I am not a theologian. I have not attended seminary. I’d like to think of myself as an average Christian who reads their Bible and grapples with its message and implications.
That said, the trend to mythologize certain Bible stories and figures always seems to end up in bad places. NY Times columnist Ross Douthat, in his book Bad Religion, notes the obvious:
Once you depart even an iota from a literal-factual-commonsensical reading of Scripture you’re on a slippery slope to denying basic Christian dogma
As an example, Douthat references Episcopal Bishop John Shelby Spong who, in the 1980’s, began questioning basic biblical doctrines like the Virgin Birth before ultimately denying the very existence of a personal God. Similar doctrinal reshuffling seems to occur when the “historical Adam” card is removed from the deck.
A Bible without a real Adam eventually leads to a Bible without a real Jesus.
I was reflecting on this after reading Peter Enns recent Patheos post, Framing the Evangelical Discussion of Adam and Evolution. Enns is rigorous in debating biblical literalists, especially as it comes to the creation myths and evolution. He shows his hand immediately:
My starting point for how I handle this issue of Adam is twofold: (1) I accept the overwhelming scientific consensus concerning evolution, and (2) our considerable knowledge of how ancient stories of origins functioned. These factors affect how we read the Adam story and they cannot be dismissed or marginalized.
You should note, I don’t have a big issue conceding biological evolution insofar as it was 1.) Guided and 2.) Harmonizes with essential Scripture. This may reveal the real divide between my lay interpretations and Enns’ more academic approach. Whereas Enns elevates Science above Scripture, I don’t.
Both approaches have consequences. For instance, If you make Adam a myth, where do you stop?
- At Cain and Abel?
- At Noah?
- At Abraham, Isaac, or Jacob?
- At Joshua?
- At Esther or Nehemiah?
- At King David?
- At Solomon?
- At the prophets, major and minor?
- At Matthew, Mark, Luke, or John?
- At Jesus?
Or maybe the better question is: For the revisionist, where does REAL biblical history actually begin?
The apostle Luke, whom some consider a premiere historian, opened his Gospel with these words:
Many have undertaken to draw up an account of the things that have been fulfilled among us, just as they were handed down to us by those who from the first were eyewitnesses and servants of the word. With this in mind, since I myself have carefully investigated everything from the beginning, I too decided to write an orderly account for you, most excellent Theophilus, so that you may know the certainty of the things you have been taught. — Luke 1:1-4 NIV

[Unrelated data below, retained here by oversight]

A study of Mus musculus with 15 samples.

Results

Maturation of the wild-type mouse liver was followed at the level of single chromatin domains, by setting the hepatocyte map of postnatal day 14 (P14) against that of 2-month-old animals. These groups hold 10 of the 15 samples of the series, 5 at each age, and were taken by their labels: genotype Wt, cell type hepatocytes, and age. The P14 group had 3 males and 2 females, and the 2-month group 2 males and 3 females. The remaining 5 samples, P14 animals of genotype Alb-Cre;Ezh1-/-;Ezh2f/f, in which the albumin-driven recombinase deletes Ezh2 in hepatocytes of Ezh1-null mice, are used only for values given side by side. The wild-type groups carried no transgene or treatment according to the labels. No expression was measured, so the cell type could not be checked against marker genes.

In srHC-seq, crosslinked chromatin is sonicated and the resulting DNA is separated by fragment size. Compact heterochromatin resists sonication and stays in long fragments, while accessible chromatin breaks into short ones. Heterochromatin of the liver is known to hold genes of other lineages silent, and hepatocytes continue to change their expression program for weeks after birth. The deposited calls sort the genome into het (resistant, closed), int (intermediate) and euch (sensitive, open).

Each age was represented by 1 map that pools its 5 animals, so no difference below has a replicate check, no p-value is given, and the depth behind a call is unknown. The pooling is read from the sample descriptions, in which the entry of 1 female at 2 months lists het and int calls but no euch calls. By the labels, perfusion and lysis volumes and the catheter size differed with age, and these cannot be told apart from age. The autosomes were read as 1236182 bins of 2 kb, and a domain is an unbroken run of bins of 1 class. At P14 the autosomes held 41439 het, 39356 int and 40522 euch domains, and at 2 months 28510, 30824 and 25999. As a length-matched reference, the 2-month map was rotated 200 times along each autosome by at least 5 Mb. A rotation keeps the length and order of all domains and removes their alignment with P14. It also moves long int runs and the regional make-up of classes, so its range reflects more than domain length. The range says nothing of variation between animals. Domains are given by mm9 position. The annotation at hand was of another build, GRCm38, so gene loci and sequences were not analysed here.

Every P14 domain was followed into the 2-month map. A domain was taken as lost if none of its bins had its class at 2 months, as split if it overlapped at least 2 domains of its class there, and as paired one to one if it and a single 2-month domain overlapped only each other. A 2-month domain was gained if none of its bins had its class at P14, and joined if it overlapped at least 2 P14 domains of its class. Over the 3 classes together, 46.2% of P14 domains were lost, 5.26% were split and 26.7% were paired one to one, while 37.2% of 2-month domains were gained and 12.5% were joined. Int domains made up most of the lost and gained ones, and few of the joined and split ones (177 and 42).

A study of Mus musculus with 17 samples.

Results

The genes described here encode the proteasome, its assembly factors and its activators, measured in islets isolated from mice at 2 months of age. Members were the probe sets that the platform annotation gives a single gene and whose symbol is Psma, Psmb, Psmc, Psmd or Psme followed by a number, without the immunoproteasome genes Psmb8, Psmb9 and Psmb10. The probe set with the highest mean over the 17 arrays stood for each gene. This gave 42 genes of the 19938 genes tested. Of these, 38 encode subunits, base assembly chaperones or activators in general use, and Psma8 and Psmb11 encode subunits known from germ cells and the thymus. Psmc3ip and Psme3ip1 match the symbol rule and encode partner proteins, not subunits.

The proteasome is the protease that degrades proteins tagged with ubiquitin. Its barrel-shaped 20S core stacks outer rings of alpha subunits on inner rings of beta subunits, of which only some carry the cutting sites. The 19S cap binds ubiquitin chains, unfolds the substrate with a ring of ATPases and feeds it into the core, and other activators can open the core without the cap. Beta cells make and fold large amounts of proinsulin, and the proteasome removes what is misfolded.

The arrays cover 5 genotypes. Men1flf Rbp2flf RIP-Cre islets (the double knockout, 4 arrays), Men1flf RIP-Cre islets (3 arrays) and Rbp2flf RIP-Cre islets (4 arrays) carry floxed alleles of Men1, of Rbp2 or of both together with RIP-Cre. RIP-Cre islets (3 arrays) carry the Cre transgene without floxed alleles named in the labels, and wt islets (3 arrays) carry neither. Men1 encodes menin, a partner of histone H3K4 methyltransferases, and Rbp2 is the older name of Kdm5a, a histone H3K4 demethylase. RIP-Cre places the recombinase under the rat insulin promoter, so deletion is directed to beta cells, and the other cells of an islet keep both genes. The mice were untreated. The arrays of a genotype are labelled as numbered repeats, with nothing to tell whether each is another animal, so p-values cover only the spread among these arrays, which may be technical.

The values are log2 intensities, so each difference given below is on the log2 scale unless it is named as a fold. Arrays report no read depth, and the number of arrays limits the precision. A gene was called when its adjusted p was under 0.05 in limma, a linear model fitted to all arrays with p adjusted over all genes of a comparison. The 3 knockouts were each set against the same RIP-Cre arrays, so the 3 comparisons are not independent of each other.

Luke’s “careful investigation” led to the recounting of events and people, culminating in the arrival of the Messiah. Along the way, the apostle does not appear to be referencing a metaphor. In fact, he becomes even more specific in Luke 3:23-28 where he traces Christ’s lineage back through Judah, David, Isaac, Noah, Methuselah, all the way to Adam (vs. 38).
So which one of these historical dominoes can be removed without affecting the chain?
Then, of course, are the words of Christ Himself:
“Haven’t you read,” he replied, “that at the beginning the Creator ‘made them male and female,’and said, ‘For this reason a man will leave his father and mother and be united to his wife, and the two will become one flesh’? So they are no longer two, but one flesh. Therefore what God has joined together, let no one separate.” — Matt. 19:4-6 NIV
Christ bases His teaching on marriage from a specific creation event. It assumes a very real “beginning,” and a very real couple who emerged there. If Adam and Eve were simply a gene pool (as some biblical revisionists suggest), how can we realistically extrapolate any marriage ethics from that? Much less the even bigger issue of the entrance of sin into the world and “the Last Adam” who would remove it.
- If Adam was the mythological First Man, why would we need a very real Final Man?
- If Eden was the illusory First Paradise, on what grounds can we be assured of a Final Paradise?
- If the world was only plunged into a metaphorical Fall, why did it require a very tangible Resurrection to break its spell?
All that to say, biblical history is grounded in historical events, accounts, and real people, culminating in a very Real Man, who suffered a very Real Death, for very Real Sins, before rising to a Real Heaven, from which He will really return.
Point being: A Bible without a real Adam eventually leads to a Bible without a real Jesus.